Yet good intentions are not enough and must be backed by decisive action, says Maike Althaus, executive director at Canada CleanTech Alliance and the Ontario Clean Technology Industry Association (OCTIA), who believes one area that can drive substantial impact is cleantech innovation.

“Without clean technologies, we’ll not be able to reach our climate targets and decarbonize our industries,” she says. “Canada has 14 companies on the 2022 Global Cleantech 100 list. While that’s a substantial achievement, we need to better leverage this advantage to compete in the global cleantech market and build the economy of the future.”

Feedback from companies and startups is that they don’t have the resources to understand what’s out there in terms of funding as well as navigate what often is a complex application process.

Maike Althaus, Executive Director at Canada CleanTech Alliance and the Ontario Clean Technology Industry Association

The work of the CleanTech Alliance as well as OCTIA – which comprise companies with hydrogen solutions, alternative fuels, alternative plastics, innovative renewable energy technology and more – aims to give innovations a better chance to go from idea to impact.

Ms. Althaus explains that while Canada excels in creating intellectual property, domestic adoption can fall short, and some of these technologies end up being implemented elsewhere. “We need to create a more supportive ecosystem,” she says. “Key issues the cleantech sector is facing are access to capital as well as access to customers, markets and talent.”

Enhancing access to capital can make a big difference in “enabling cleantech to move forward,” she says. Although there are a number of funding programs for clean technologies and climate adaptation available across Canada, they can be hard to navigate.

“Feedback from companies and startups is that they don’t have the resources to understand what’s out there in terms of funding as well as navigate what often is a complex application process,” says Ms. Althaus, who was recognized with a 2023 Canada’s Clean50 award. “We need to look into ways to simplify things and reduce barriers for cleantech entreprises.”

Governments can help to create a runway for technology adoption, for example, through government procurement, co-funding pilot projects or a loan guarantee program, she suggests. “Both federal and provincial governments can play a role, and provinces can complement what’s being done on the federal level.”

An example is the recent refundable 30 per cent investment tax credit (ITC) applicable to clean energy technologies, including hydrogen, small modular reactors and all forms of energy storage technology, which Ms. Althaus welcomes as a step in the right direction on the path to net zero.

“This can be a tremendous instrument to facilitate the flow of capital into cleantech,” she says, adding that it’s another indication that governments recognize the role of cleantech in creating economic benefits along with solutions for environmental challenges.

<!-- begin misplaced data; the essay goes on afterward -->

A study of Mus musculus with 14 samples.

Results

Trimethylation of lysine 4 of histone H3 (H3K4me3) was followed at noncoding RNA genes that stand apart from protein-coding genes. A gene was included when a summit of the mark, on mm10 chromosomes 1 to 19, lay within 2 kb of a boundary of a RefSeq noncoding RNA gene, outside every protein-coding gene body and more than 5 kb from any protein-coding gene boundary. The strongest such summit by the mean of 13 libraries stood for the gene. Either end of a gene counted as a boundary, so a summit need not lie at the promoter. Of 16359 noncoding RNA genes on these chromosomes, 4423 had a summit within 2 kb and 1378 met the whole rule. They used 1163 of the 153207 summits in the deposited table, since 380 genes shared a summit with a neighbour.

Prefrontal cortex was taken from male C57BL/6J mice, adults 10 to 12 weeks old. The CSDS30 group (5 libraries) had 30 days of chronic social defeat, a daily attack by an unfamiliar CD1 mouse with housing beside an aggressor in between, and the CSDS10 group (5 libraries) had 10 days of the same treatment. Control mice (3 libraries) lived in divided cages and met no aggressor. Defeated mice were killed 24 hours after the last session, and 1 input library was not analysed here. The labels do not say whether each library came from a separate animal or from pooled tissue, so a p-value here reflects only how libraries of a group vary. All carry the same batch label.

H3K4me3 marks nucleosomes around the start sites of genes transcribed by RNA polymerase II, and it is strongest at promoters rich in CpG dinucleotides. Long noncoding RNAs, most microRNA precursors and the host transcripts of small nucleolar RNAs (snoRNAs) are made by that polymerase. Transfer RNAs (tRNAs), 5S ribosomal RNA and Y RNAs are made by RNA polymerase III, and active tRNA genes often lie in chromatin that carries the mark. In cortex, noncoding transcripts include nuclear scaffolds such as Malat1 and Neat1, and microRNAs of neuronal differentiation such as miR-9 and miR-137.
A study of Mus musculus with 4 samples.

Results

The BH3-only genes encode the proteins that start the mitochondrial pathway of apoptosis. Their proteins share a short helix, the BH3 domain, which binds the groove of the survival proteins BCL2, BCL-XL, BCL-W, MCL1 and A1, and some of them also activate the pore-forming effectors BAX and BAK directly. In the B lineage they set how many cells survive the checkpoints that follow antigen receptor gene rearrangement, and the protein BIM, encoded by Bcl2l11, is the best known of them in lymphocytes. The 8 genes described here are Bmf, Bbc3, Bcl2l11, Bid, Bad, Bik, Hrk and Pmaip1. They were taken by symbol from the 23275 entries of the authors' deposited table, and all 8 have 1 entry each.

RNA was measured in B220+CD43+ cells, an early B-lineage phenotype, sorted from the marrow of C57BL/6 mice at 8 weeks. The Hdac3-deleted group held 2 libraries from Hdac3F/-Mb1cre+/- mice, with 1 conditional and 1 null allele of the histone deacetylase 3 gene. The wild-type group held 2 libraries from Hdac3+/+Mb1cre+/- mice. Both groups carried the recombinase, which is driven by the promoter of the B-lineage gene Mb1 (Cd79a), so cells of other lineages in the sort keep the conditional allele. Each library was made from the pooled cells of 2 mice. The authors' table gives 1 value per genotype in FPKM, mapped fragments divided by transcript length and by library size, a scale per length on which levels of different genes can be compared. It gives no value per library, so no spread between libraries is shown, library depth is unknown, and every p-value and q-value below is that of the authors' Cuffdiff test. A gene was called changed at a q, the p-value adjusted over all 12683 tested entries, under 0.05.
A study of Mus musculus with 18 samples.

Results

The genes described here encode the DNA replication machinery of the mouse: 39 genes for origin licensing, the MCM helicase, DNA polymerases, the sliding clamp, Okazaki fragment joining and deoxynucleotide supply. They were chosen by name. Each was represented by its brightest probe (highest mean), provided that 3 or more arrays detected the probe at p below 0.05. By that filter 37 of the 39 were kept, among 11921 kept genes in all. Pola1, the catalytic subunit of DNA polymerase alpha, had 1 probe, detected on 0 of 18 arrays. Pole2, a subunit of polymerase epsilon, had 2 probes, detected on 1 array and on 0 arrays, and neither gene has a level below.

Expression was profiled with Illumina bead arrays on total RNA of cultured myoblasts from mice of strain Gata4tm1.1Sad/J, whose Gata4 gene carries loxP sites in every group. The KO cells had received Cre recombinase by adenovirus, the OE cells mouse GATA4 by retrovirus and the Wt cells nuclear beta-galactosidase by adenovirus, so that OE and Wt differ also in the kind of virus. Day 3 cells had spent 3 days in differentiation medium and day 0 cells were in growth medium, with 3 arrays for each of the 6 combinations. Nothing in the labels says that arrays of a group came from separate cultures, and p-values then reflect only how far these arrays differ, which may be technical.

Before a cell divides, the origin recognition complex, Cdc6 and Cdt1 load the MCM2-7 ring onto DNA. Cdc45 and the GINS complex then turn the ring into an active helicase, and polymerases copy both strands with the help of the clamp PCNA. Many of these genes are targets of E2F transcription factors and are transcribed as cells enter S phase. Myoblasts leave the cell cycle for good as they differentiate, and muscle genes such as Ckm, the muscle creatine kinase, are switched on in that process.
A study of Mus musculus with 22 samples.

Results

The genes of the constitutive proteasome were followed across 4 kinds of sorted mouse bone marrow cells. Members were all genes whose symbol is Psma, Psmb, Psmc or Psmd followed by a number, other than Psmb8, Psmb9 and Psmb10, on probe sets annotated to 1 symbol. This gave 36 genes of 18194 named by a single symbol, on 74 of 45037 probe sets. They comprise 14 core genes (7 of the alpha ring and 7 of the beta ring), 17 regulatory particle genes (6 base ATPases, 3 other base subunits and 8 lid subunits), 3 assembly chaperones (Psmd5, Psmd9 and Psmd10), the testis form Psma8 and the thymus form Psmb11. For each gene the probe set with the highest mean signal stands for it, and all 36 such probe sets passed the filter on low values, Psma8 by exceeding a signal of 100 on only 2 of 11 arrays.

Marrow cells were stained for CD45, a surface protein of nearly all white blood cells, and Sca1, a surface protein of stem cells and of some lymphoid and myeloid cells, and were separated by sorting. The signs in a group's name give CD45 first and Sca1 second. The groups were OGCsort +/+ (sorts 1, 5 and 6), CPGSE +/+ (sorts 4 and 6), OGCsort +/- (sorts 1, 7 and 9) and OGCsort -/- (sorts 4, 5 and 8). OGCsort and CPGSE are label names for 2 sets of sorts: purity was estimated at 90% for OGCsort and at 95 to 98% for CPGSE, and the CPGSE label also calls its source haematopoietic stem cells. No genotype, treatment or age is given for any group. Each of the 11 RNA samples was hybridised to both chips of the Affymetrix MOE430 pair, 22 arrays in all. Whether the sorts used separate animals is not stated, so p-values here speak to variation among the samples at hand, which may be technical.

However, more efforts are needed to ensure no cleantech innovators fall through the gaps – and government incentives could inspire industry to pilot and adopt technology solutions, explains Ms. Althaus. “There is wide recognition that we need to decarbonize the biggest emitters – such as steel, cement, and oil and gas – to reach our climate targets, so these objectives could be leveraged in the form of economic tools.”

Cleantech applications can also play an important role in reducing the emissions associated with energy systems. “Ontario, for example, has to further decarbonize energy systems, yet the provincial government recently announced its decision to invest in more natural gas production, which will cause additional emissions,” she says. “This is a concern: we’d like to see more emphasis on cleaning up the grid. Not only do we have to add renewables to the Ontario grid, we have to enable distributed energy resources, including microgrids. We need to move from central electricity generation to decentralized systems.”

To accelerate renewable energy adoption, Ms. Althaus suggests innovative partnerships, such as co-operative investing models that draw on community participation. “This would be one way to get communities actively involved in these projects – and in seeing concrete benefits,” she says. “There are tons of technologies and ideas out there.

“Since there isn’t a one-size-fits-all solution, we need many creative ideas on how to increase the flow of capital into cleantech and new ways of adopting these technologies, for example, through community participation.”

As these clean technologies will helps us in the move towards a low-carbon future, they can be an important driver of economic and environmental benefits across sectors and in all areas of society, she adds.

Advertising feature produced by Randall Anthony Communications. The Globe’s editorial department was not involved.